Avoiding Naming Collision- Packages in Java
Every java file was developed inside src. Let's take look at a scenario.
if 100 java files or somehow 1000 java files all were developed in src. what happens?
If the file count increases automatically managing difficulty also gets increased.
it is not advisable to develop more files in the same folder.
identifying a file can create conflict so going for less number of few files as possible.
How can we overcome this?
Instead of creating all java files in src, we can go for multiple folders let's say package1 contains some java files, package2 contains some java files, and com contains some java files.
Based on the usage or type we can go for folders.
How does the package work?
To group similar kinds of classes, we go for packages.
For every java file, we need to specify the package name as a folder name like package1.
The folder name is treated as packages and should be in lowercase.
class A //The current directory for this java file, is package1.
Not only java files we can have sub packages, and subdirectories.
The package name is the same as the directories.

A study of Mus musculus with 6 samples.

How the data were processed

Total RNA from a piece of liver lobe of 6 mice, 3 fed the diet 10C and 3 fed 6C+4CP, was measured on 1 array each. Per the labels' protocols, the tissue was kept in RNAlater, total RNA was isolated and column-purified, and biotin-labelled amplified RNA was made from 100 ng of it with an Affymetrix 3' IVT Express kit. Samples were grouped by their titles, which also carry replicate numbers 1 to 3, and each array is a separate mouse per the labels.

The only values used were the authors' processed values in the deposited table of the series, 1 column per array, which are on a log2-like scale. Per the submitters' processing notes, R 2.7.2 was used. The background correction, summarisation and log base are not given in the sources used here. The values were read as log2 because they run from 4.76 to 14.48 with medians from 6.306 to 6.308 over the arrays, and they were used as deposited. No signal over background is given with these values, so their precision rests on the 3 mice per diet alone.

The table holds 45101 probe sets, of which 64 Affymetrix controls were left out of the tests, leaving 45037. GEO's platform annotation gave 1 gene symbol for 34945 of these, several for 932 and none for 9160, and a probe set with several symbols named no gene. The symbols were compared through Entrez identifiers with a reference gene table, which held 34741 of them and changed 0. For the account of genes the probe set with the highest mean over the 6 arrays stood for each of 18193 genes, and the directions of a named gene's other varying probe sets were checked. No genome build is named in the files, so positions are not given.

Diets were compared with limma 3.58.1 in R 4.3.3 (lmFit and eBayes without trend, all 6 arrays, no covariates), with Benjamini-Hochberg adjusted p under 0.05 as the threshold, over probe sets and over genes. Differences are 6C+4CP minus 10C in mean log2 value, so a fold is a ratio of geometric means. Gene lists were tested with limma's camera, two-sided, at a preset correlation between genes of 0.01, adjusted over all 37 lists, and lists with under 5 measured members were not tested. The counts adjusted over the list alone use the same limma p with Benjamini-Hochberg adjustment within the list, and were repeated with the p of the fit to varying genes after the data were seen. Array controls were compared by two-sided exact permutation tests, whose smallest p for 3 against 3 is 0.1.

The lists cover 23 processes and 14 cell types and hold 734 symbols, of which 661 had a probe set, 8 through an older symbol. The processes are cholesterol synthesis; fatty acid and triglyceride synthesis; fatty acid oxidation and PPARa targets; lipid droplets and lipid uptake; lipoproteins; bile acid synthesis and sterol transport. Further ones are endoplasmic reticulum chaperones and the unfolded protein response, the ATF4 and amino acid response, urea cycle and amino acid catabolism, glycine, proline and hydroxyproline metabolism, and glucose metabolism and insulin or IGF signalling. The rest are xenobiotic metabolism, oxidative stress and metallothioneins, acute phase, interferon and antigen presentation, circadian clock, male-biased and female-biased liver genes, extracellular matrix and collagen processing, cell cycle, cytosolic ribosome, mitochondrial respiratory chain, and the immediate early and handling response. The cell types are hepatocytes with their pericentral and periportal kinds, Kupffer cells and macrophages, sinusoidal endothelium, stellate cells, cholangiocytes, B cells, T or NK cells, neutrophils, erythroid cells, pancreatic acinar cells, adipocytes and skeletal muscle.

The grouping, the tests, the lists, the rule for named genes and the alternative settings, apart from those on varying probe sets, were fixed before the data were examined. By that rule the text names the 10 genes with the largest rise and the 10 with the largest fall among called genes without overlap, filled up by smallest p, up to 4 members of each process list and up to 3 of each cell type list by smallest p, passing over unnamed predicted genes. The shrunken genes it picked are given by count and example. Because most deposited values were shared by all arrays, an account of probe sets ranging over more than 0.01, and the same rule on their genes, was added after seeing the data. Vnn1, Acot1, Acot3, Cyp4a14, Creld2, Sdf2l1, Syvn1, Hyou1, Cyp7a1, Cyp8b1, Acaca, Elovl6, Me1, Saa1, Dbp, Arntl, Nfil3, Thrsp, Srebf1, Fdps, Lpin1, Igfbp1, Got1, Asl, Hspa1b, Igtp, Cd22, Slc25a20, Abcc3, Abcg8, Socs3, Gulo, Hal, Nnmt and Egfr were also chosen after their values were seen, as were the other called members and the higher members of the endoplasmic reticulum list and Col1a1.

Outer package.inner package;
//If we want to access the sub-packages mention the subpackage as a member of an outer package using . access operator.
In 1 folder we shouldn't create an A.java file again and again.
if we are using packages not only encapsulate similar kinds of members in one package, we can also achieve avoiding naming collisions.
what we inferred?
what a package is and why we should use them
package declaration must be the first statement, followed by package import
Java uses file system directories to store packages.
Java packages provide access control to the classes
Packages in Java add another dimension to access control or access specifiers which in turn represent data encapsulation or data hiding.
easily figure out the classes, interfaces, enumerations, and annotations that are related.
It improves efficiency and coding style but also reduces a lot of additional work.